Holiday spending expected to remain high, survey says

St. Thomas researchers say metro shoppersÂ’ holiday spending has plateaued.

Credit: University of St. Thomas's Holiday Sentiment Survey

Metro shoppers will once again spend big this holiday season, with an annual survey predicted a slight dip from last year’s record holiday spending.

The annual Holiday Sentiment Survey from the marketing professors at the University of St. Thomas shows Twin Cities shoppers will spend $850 per household, down just $18 from last year’s $868, the highest amount the survey had predicted since it began in 2002. Holiday spending hasn’t declined in the Twin Cities since the post-recession year of 2009, when metro shoppers planned to spend $637, an all-time low for the survey.

The survey, based off of 307 responses from the 13-county metro area, reflects post-recession optimism is still high, with 18 percent of responders saying they’ll spend more than last year and 22 percent saying they’ll spend less. It paints a different picture than 2009 when just 8 percent of those surveyed said they would spend more and 54 percent planned to spend less.

“We can say that the responses were similar to last year’s survey, which was the most optimistic since we began measuring shopping intent in 2002. We also can say the responses are substantially more optimistic than those recorded six or seven years ago, in the depth of the recession,” said Dave Brennan of the university’s Opus College of Business in a statement.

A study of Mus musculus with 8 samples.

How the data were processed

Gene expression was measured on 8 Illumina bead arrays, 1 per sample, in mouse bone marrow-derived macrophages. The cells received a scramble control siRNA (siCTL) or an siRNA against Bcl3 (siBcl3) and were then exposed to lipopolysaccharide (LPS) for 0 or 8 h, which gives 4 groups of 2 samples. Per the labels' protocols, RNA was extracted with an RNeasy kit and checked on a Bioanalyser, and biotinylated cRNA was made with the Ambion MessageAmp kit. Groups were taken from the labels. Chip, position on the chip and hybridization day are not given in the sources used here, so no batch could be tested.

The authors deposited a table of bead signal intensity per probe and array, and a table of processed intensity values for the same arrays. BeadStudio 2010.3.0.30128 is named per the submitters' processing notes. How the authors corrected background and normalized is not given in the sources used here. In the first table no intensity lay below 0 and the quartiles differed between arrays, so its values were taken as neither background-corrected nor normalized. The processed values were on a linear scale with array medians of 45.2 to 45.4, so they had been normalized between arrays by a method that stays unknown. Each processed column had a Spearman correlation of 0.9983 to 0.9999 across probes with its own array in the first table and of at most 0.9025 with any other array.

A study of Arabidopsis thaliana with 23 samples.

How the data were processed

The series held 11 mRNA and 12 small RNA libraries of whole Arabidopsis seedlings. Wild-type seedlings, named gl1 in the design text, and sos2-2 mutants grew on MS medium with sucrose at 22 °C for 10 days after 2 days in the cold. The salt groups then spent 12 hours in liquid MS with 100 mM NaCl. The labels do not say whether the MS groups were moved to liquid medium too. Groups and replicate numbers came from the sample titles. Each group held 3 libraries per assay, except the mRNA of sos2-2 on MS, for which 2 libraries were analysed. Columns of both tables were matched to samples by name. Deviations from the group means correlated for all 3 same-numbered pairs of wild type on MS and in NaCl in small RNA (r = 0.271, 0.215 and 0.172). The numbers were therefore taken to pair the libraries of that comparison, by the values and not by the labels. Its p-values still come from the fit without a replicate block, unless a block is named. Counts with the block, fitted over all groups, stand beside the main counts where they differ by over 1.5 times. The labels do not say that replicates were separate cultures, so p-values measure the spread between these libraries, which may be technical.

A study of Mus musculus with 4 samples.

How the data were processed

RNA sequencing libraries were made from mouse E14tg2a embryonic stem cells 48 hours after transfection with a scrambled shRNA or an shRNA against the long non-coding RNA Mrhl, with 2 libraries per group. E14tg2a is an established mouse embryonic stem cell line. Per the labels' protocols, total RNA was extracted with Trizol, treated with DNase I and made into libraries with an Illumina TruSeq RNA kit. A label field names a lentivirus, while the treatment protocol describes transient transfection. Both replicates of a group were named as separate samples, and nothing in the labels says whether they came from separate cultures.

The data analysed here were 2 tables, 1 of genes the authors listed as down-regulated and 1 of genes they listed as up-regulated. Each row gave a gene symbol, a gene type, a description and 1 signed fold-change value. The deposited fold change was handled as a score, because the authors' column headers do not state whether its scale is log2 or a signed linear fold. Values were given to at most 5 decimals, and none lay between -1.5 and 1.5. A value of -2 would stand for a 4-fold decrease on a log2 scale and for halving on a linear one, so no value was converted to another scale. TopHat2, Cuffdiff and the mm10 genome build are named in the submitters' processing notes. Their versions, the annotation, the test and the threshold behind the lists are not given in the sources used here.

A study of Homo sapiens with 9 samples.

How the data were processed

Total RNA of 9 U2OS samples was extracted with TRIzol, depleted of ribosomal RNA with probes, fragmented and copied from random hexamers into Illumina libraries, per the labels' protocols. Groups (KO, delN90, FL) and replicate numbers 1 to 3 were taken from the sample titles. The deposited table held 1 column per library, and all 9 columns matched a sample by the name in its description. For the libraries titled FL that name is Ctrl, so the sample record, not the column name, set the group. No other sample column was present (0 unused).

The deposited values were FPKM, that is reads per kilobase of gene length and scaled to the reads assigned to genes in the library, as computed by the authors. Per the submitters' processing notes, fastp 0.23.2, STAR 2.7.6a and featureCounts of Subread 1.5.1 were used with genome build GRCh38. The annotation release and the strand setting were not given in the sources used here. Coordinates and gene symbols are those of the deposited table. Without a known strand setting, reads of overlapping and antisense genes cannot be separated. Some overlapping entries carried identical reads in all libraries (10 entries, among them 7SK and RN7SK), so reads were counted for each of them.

The researchers, which also include the college’s Sandra Rathod and Jonathan Seltzer, predict metro shoppers will collectively spend about $1.14 billion this season.

Their predicted $18 dip, or 2.1 percent, is lower than national surveys, which are projecting 2-4 percent increases. Deloitte & Touche is predicting a 3.5 to 4 percent increase and Nielsen is predicting a 2 percent uptick in spending.

“While our data tell us that Twin Cities residents are in a shopping mood that is generally comparable to last year, I think we are seeing a plateau,” Brennan said.

The survey also predicts perennial favorites like gift cards, cash, books and clothing will remain on top, while electronics fell toward the bottom of a list of this year’s most popular gifts. The researchers say there aren’t any “must-have” items this year.

As far as where shoppers plan to do their spending, much hasn’t changed from recent years. Roseville’s Rosedale Mall and the Mall of America remain at the top. Though suburban malls dominate the list of popular shopping destinations, downtown Minneapolis and downtown St. Paul are standing their ground toward the bottom.